The two candidates for the U.S. Congressional 8th District seat are painting different pictures of themselves heading into the Nov. 6 election.
Incumbent Stephen Lynch said he is moderate Democrat who tries to work across the aisle, but also is willing to fight Republicans who want to cut social programs for the poor and help millionaires as much as possible.
“I want the best results not only for my district but for the American people,” said Lynch.
His challenger, Republican Joe Selvaggi, said he is a small-business owner who wants to change the tax code and other regulations so businesses can thrive. He said he is concerned with the country’s mounting debt and said that the private sector will lead the country out of the current economic troubles.
“Guys like me get Americans back to work,” said Selvaggi in a recent Gazette interview.
Both candidates said they love Jamaica Plain. Selvaggi said that Centre Street lights up like a carnival at night with interesting shops, and he enjoys running around Jamaica Pond.
“If I had a second home, Jamaica Plain would be it,” said Selvaggi, who is a Beacon Hill resident.
Lynch, who lives in South Boston, noted that he recently was in Jamaica Plain, visiting with the Ward 19 Democratic Committee. He said the Casey Overpass was the topic of much discussion, with people split 50-50 on what to be done with the aging bridge. Lynch does not have an opinion, saying he’s coming to the discussion after its fate has already been decided.
Selvaggi, who was born in New Jersey but came to Boston shortly after graduating from Worcester Polytechnic Institute, owns Plaster Fun Time. The company hosts birthday and other parties where plaster pieces, such as penguins and trains, are made available for painting.
He said that small businesses create two out of three new jobs and that he knows how to spur job growth.
“I’m a small-business owner. I understand how jobs are created,” said Selvaggi. “A person has to be worth more than they are paid. Stephen Lynch is totally different. He’s an ironworker, a member of big labor. He believes government is the source of wealth.”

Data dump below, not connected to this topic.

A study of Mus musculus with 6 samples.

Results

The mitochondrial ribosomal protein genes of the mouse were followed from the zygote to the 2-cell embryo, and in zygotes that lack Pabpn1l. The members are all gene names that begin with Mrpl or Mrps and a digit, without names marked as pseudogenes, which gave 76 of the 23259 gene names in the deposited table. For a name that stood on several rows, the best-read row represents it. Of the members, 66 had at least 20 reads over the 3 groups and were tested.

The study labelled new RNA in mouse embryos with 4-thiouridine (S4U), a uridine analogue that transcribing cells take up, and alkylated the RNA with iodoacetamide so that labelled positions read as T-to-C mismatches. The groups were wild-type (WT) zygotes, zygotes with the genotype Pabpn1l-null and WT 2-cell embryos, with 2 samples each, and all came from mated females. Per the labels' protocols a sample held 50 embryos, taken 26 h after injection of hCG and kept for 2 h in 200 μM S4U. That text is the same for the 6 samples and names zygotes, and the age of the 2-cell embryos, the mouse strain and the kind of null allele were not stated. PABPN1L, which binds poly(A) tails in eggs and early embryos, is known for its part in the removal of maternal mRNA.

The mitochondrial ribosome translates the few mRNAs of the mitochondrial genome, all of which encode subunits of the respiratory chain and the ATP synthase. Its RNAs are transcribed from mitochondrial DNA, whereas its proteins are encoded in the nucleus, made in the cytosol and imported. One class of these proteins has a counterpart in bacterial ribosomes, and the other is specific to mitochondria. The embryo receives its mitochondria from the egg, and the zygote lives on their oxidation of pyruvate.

Lynch, who said he hasn’t seen Selvaggi that much on the campaign trail and doesn’t have a sense of who he is and what he is about, noted that he is a legislator and a lawmaker.
“I don’t know how he is going to create jobs by himself,” said Lynch in a recent Gazette interview, pointing out that it takes 218 votes to pass legislation in the House.
Selvaggi also criticized Lynch for not having any legislation bearing his name since 2003, to which the congressman responded that legislation bears the chairman’s name of the committee from which it came.
Lynch used the recent Dodd-Frank bill, which focused on financial reform, as an example of that and said he was able to add a technical amendment to that bill.
“I’ve done a lot of bills like that,” he said.
Selvaggi said he has an uphill battle to climb to unseat Lynch because Democrats outnumber Republicans three-to-one in the state. But he said he can do it if people know they have a choice. He said he has met many well-informed, intelligent people who read the New York Times front to back, but have no idea who their congressman is.
“The challenge is not ideological. The challenge is to get the voters to know they have a choice,” he said.
The 8th District covers parts of Boston and some suburbs south of the city. It covers a greater section of southern Jamaica Plain after the recent redistricting. Democrat Michael Capuano (7th District), who does not face a challenger in the general election, covers the other portion of JP.